Federal Chief Information Officer of the United States
The Federal Chief Information Officer of the United States, also known as the United States Chief Information Officer, is the administrator of the Office of Electronic Government, which in turn is part of the Office of Management and Budget. The position is appointed by the President and does not require Senate confirmation. It was created by the E-Government Act of 2002.
The US CIO oversees federal technology spending, federal IT policy, and strategic planning of all Federal IT investments. The CIO is charged with establishing a government-wide enterprise architecture that ensures system interoperability, information-sharing, and maintains effective information security and privacy controls across the Federal Government.
Vivek Kundra is the first person to use the title Federal Chief Information Officer. Previous holders of the office used the title Administrator for E-government and Information Technology at the Office of Management and Budget.
On Thursday, February 5, 2015, President Barack Obama appointed Tony Scott, who had been serving as leader of the global information technology group at VMware Inc., since 2013, to fill the office. He had served as Chief Information Officer at Microsoft from 2008 to 2013, and as CIO at the Walt Disney Company from 2005 to 2008.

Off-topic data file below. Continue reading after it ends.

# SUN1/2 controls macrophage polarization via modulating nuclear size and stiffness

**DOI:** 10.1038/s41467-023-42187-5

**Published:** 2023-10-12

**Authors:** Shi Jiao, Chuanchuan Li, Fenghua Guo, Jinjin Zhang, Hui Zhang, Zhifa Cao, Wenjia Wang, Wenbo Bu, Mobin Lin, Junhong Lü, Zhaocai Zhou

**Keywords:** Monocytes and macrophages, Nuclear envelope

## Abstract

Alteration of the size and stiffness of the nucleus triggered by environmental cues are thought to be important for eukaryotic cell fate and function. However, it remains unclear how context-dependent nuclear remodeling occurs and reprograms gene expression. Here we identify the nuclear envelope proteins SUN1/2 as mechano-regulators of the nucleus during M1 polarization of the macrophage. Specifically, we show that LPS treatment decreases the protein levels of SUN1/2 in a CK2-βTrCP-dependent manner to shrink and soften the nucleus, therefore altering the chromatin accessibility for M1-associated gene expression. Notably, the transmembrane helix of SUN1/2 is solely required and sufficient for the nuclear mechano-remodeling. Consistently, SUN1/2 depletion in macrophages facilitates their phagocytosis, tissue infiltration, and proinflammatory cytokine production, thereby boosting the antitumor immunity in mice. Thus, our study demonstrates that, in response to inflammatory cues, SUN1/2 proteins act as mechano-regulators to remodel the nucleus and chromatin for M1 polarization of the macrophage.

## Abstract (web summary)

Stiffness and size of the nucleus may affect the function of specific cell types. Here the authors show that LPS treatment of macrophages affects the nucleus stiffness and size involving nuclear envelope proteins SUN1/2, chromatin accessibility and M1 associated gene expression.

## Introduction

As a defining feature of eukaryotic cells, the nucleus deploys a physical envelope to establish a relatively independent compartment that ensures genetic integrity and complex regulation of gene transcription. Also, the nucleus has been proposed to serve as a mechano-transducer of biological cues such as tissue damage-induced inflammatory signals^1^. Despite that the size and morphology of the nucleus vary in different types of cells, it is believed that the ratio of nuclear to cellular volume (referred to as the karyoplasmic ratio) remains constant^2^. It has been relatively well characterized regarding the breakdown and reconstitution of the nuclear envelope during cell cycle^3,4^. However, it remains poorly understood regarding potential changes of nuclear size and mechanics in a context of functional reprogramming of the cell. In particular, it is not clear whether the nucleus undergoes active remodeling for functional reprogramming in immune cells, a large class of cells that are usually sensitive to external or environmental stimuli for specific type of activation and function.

- See byline: Tony Scott Strengthening & Enhancing Federal Cybersecurity for the 21st Century. July 31, 2015, at whitehouse.gov
- "E-Government Act 2002"
- "CORRECTIONS". The Washington Post. 2009-09-19. ISSN 0190-8286. Retrieved 2015-11-12.
- Lohr, Steve (2011-08-04). "White House Picks New Information Chief". The New York Times. ISSN 0362-4331. Retrieved 2015-11-12.
- "Lisa Schlosser, Author at CIO Council". CIO.gov. CIO Council. Retrieved 2015-11-12.
- "Tony Scott, Author at CIO Council". CIO Council. Retrieved 2015-11-12.
- "President Obama Announces More Key Administration Posts". whitehouse.gov. Retrieved 2015-11-12.